Trump condemns leaks amid tension with Europe
President Trump and European leaders repeatedly clashed at a NATO meeting in Brussels yesterday. The USA and Europe have a long history of co-operation, but do they still need each other?
The US and French presidents sat next to each other in Brussels yesterday. They shook hands.
Trump tried to pull away. But for an extra moment Macron held on tightly, and Trump smiled stiffly.
The handshake should have been a friendly gesture between allies. Instead it became a subtle sign of the tension at yesterday’s informal summit of NATO leaders. The man who has promised to focus exclusively on American interests faced a power struggle with the darling of Europe, who won the French presidency on a liberal platform this month.
NATO is a 68-year-old alliance which now includes the USA, Canada and 26 European nations. There are signs that it remains strong: it is expanding, and yesterday its leaders agreed to a US-led plan for the fight against Islamic State.
But behind the scenes America and Europe are divided. Yesterday UK police investigating Monday’s terrorist attack temporarily stopped sharing information with their US counterparts after sensitive images and details were leaked to the American press.
The president called the leaks “deeply troubling”, but this was only one sign of a bigger split. Trump has been more hostile to NATO than previous presidents. During last year’s presidential campaign he called the alliance “obsolete”, adding “maybe NATO will dissolve and that’s OK”.
Yesterday he said other NATO countries owed “massive amounts of money” on defence spending and clashed with Angela Merkel, the German chancellor, over immigration policy.
European leaders have voiced concern at Trump’s closeness to Russia. And earlier this month a major report advised the UK’s foreign office to distance itself from his “mercurial and unpredictable” leadership in the Middle East.
America and Europe have co-operated closely for decades. US military and economic power played a crucial role during the first and second world wars. NATO was formed to defend Europe against Soviet communism during the cold war. But do the two sides still need each other?
This relationship is now a sham, say critics. Trump is an ideologue who puts his country before all others: his ideology of “America first”. European leaders do not trust him: their own countries are growing closer together and rely on each other much more. Today they can afford to do that, as they do not face as significant danger now as in the 20th century.
Hyperbole, others retort. Trump is a pragmatist, a realist who wants a better deal for his country. The USA and Europe share deep historical bonds, face the same threats and stand for common values. Europe would be too weak to stand up to Russia or beat terrorists without US support. And the USA cannot defend the free world it relies on alone.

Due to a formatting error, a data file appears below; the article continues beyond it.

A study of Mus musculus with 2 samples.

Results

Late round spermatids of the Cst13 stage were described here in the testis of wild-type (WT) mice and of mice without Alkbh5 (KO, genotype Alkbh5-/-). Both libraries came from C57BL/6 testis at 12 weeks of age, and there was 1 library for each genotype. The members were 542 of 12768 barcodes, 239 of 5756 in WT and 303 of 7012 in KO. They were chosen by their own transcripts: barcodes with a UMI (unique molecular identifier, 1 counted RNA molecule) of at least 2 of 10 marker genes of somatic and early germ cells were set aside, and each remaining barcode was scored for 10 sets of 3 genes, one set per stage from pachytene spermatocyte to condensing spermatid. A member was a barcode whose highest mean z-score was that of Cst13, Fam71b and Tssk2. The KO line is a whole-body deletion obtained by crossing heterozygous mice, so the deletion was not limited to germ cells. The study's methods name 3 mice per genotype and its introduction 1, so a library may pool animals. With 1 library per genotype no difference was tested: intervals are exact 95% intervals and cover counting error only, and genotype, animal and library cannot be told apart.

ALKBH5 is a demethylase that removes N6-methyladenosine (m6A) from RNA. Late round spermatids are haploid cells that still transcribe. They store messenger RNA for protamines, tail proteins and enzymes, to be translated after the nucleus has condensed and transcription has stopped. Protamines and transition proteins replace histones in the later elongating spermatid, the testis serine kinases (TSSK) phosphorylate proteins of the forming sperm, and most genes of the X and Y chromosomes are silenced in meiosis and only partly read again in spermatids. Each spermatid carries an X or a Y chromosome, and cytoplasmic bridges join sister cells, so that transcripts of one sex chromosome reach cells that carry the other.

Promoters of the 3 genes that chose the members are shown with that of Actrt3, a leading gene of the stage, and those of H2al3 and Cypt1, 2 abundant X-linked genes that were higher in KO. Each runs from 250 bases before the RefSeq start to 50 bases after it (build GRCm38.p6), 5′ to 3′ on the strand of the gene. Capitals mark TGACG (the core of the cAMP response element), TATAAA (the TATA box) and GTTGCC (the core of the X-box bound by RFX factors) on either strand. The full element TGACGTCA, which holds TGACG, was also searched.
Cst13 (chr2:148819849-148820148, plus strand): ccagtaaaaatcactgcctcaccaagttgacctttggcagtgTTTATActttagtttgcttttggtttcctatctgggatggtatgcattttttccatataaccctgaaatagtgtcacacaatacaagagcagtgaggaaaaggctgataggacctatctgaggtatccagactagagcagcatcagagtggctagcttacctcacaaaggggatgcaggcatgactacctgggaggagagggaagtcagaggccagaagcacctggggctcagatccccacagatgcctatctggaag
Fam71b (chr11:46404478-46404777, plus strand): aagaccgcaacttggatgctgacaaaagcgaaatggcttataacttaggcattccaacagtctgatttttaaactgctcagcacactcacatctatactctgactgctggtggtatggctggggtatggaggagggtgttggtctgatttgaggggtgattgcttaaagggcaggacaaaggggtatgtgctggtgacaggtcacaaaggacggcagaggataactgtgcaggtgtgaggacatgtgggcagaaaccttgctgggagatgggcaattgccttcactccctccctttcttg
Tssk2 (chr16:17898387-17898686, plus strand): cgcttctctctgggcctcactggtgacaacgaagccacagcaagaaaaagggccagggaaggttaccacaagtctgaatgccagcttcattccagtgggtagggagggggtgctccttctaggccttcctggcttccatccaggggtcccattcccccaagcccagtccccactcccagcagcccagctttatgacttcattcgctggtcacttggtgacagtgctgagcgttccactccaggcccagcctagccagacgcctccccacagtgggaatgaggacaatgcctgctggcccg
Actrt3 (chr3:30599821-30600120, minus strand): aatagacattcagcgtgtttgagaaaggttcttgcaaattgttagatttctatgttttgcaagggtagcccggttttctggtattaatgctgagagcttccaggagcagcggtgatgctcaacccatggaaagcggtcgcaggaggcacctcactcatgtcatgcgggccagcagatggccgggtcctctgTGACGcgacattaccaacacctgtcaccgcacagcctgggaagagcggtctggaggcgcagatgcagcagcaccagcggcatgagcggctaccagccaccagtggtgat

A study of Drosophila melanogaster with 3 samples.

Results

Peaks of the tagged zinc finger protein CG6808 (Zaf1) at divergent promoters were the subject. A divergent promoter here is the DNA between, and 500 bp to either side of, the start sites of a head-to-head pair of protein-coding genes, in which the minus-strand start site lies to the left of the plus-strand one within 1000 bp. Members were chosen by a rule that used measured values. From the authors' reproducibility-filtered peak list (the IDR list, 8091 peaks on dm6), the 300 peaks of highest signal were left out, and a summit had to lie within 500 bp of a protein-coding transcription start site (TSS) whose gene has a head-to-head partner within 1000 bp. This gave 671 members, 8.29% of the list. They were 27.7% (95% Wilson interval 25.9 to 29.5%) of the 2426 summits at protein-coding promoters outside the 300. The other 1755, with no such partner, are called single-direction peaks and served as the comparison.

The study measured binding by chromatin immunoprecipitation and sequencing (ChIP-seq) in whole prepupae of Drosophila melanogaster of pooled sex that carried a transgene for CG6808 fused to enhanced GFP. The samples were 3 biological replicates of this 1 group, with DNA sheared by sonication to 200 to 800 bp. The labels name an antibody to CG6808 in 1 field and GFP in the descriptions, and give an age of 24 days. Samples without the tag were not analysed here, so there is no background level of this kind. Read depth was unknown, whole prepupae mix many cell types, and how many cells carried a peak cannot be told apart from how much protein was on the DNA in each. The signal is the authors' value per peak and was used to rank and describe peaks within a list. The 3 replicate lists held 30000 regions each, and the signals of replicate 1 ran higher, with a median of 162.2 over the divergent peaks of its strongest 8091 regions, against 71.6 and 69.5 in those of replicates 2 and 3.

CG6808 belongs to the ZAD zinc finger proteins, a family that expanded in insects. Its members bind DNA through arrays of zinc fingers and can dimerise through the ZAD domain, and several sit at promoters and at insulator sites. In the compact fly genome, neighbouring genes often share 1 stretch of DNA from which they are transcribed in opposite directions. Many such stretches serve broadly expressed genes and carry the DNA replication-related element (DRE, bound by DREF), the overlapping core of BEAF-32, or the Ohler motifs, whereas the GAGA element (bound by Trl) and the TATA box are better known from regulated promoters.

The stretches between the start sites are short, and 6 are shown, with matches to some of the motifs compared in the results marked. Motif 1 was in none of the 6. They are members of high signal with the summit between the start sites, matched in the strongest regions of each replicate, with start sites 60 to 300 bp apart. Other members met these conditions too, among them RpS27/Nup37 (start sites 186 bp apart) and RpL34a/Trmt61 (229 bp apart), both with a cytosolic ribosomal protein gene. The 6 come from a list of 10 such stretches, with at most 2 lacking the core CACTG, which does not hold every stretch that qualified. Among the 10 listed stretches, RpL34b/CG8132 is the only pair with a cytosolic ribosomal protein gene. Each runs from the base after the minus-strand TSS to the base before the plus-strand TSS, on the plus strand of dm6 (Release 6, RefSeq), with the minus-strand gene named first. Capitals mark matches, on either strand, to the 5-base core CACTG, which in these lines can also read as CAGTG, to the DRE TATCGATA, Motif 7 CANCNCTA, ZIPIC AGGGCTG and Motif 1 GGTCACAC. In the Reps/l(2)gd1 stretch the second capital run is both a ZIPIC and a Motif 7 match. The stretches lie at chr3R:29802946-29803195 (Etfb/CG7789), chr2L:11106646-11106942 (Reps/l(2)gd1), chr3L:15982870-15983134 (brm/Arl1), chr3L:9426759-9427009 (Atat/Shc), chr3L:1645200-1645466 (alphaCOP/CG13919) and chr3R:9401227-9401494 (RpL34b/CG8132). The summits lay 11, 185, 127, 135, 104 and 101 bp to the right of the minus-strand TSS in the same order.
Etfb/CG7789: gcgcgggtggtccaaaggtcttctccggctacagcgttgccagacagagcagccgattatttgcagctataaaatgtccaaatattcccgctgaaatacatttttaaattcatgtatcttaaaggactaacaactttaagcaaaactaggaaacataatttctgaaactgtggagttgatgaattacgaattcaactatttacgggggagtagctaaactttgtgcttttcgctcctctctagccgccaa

- Do you achieve more by working with others or on your own?
- Do the USA and Europe need each other?
- Write down five questions you would like to ask Jens Stoltenberg, the secretary-general of NATO. Discuss in pairs, and as a class, which you think are most interesting.
- Create a timeline of US-European relations since 1900. Choose at least ten significant events to include and write a short explanation of why you chose each of them.
Some People Say...
“No agreement made in the 20th century will survive the 21st.”
What do you think?
Q & A
- What do we know?
- Two pieces of information — US media published or broadcast the identity of the bomber and images from the scene. Trump said yesterday that he would “get to the bottom” of the leak. Currently only the USA, Greece, the UK, Estonia and Poland achieve the 2% of GDP spending target on defence, in line with a 2006 agreement.
- What do we not know?
- Who leaked the information. Yesterday unnamed British officials told the media they thought it had been spread by someone in a US intelligence agency, not the White House. We also do not know if European nations will increase their defence spending, nor what will happen if they do not. Some suggest Trump is driving a hard bargain as he did in his business career. Others say he is ideologically opposed to multilateral agreements.
- The North Atlantic Treaty Organisation.
- Montenegro will join NATO on June 5th.
- The allies will share more information and help each other with air-to-air refuelling.
- Hours after Monday’s attack, CBS and NBC named the bomber. On Wednesday photos of the debris from the attack appeared in The New York Times. British officials had shared the information with US intelligence agencies under a deal called the “Five Eyes” agreement.
- In power Trump’s language has been softer. In April he said it was “no longer obsolete”. In February James Mattis, his defence secretary, praised an “enduring transatlantic bond”.
- In 2006 NATO countries agreed to spend 2% of their national wealth on defence. Only five of them, including the USA, currently do. Yesterday Trump called the 2% target “the bare minimum”.
- Trump said NATO should have “a great focus” on immigration. Moments later Merkel said: “it is not the building of walls that makes us successful”.
- Its authors included former cabinet ministers, senior foreign policy advisers and diplomats.